Sunday, November 02, 2008

False marking/trademark case continues

Vantage Trailers, Inc. v. Beall Corp., 2008 WL 4746288 (S.D. Tex.)

Beall has a trademark registration for the design of a bottom-dumping truck trailer with conical, tapered front and back ends, sold as the Beall Bullet. Vantage makes a trailer with a similar look. A previous lawsuit was dismissed for lack of a live case or controversy, because Vantage didn’t have a finalized trailer design; that’s on appeal, but Vantage filed this lawsuit too.

Beall moved to dismiss the complaint. First, Beall argued that Vantage’s patent false marking claim should be dismissed. Vantage alleged that Beall knowingly and falsely advertised on its website that the Beall Bullet was “patented,” intending to deceive the public. It claimed that each hit on the website constituted an instance of false marking subject to a $500 penalty. Beall’s objection was to the damages calculation; regardless of the proper method of counting instances of false marking, Vantage properly stated a claim for at least one offense of false marking.

Beall also argued that there was still no case or controversy because Vantage hadn’t fixed on a design when Beall sent it a C&D or when Vantage initially sued. After MedImmune, Inc. v. Genetech, Inc., 127 S.Ct. 764, 771 (2007), however, a declaratory judgment plaintiff need not have reasonably anticipated litigation to establish an actual controversy. Instead, a court is to examine the totality of the circumstances at the time the suit is filed. When this suit was filed, Vantage had “designed, sold, and advertised” an allegedly infringing trailer. It was in the process of making five additional trailers for its first customer, and its design allegedly facially resembles the design shown in Beall’s registration. This, along with allegations of direct competition, make the dispute sufficiently definite and concrete to support jurisdiction.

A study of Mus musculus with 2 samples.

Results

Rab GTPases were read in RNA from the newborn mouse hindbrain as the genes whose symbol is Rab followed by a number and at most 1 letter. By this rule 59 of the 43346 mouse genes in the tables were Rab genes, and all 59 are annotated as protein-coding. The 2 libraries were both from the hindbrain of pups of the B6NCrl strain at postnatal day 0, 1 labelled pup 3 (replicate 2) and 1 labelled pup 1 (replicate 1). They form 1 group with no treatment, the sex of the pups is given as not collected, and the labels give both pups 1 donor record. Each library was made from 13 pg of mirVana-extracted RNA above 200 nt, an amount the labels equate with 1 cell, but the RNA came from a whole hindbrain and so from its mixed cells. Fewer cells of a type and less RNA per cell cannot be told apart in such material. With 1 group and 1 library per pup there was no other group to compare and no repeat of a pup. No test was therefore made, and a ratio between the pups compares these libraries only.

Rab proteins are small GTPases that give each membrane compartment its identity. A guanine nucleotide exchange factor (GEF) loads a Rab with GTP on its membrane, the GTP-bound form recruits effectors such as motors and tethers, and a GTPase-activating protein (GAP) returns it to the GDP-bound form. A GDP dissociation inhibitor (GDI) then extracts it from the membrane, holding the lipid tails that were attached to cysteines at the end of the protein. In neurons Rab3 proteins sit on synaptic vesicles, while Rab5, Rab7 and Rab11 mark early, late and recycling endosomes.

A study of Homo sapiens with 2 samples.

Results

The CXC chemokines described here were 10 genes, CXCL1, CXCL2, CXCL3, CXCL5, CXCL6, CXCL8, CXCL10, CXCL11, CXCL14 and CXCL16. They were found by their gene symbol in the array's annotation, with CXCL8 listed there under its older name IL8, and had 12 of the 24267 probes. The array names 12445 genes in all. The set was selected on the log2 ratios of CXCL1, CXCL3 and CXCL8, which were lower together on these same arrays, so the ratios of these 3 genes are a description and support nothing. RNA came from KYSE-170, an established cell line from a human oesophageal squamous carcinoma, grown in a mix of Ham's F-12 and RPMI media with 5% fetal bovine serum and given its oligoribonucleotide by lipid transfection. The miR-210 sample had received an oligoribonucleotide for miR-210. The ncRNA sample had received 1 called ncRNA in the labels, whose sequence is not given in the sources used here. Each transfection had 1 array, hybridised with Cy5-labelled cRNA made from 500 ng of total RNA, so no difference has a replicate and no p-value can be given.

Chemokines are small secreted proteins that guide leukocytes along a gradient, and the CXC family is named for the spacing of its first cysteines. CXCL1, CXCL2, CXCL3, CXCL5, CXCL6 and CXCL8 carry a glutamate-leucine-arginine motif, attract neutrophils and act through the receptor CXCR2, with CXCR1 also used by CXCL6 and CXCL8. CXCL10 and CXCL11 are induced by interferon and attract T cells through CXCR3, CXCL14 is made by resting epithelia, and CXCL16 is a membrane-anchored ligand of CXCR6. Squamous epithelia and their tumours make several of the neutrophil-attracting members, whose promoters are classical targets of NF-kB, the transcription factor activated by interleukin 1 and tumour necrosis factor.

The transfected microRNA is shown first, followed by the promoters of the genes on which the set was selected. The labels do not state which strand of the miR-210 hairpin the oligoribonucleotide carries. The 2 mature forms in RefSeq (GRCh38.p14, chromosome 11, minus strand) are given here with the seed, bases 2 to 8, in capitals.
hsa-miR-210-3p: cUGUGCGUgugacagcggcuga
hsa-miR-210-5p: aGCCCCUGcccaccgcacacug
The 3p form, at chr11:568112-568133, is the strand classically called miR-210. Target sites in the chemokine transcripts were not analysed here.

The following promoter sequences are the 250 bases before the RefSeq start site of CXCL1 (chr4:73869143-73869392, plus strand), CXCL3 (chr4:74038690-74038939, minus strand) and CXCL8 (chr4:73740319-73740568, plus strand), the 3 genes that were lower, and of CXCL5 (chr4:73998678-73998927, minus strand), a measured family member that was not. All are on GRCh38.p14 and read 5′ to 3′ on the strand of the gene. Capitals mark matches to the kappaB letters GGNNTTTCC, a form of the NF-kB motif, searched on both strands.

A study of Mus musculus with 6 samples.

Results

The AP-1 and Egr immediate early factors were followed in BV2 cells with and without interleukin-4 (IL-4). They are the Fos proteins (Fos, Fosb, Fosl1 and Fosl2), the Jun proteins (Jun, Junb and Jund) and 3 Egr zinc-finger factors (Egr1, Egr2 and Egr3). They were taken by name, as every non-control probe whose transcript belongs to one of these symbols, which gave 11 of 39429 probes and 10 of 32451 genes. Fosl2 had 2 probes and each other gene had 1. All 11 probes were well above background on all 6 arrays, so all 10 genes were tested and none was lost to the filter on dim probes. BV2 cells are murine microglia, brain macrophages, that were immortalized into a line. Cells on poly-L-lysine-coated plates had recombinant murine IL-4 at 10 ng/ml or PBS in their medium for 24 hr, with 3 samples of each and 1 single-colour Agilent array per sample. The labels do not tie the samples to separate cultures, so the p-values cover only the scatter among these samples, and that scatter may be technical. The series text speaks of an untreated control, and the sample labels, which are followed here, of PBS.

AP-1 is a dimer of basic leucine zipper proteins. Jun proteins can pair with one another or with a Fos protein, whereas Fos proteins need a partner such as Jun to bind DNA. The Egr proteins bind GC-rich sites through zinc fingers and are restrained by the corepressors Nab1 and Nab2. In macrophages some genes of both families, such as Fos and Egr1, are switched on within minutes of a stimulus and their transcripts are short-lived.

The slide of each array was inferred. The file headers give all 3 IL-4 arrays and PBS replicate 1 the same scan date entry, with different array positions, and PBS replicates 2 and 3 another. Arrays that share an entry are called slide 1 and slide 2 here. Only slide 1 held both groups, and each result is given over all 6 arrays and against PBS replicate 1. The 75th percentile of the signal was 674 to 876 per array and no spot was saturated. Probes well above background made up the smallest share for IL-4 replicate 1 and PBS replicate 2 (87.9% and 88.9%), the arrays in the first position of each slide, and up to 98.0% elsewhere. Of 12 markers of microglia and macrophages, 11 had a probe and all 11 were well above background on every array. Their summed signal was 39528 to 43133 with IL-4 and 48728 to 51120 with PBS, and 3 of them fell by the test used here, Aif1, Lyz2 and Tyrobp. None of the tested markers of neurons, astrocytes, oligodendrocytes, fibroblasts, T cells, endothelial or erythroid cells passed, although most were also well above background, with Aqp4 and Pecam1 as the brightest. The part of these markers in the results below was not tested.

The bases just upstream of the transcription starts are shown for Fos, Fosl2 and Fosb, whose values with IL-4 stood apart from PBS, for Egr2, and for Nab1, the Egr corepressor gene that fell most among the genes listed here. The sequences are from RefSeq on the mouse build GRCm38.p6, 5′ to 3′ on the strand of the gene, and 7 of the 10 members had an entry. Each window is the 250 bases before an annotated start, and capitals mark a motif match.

The court also rejected the argument that the trademark dispute should be resolved by the TTAB under the doctrine of primary jurisdiction. There was no TTAB proceeding pending and no reason to defer to the TTAB when additional claims for injunctive relief were present that couldn’t be resolved by that body.

Further, the court rejected the argument that Vantage couldn’t use functionality to invalidate Beall’s mark because the mark became incontestable before functionality was added to the grounds for cancellation of an incontestable mark. Because Vantage sought only prospective relief—the invalidation of the mark—there was no retroactivity issue.

Finally, the court held that Vantage had adequately pled its claim for fraudulent procurement of trademark. The trademark examiner initially rejected the application on functionality grounds. Beall allegedly represented that equally efficient alternative designs were available for the same cost, which Vantage alleged was an intentional misrepresentation because it contradicted Beall’s ads touting its design’s lower cost and superior features. This was sufficiently specific to satisfy the heightened pleading requirements for fraud under Rule 9(b).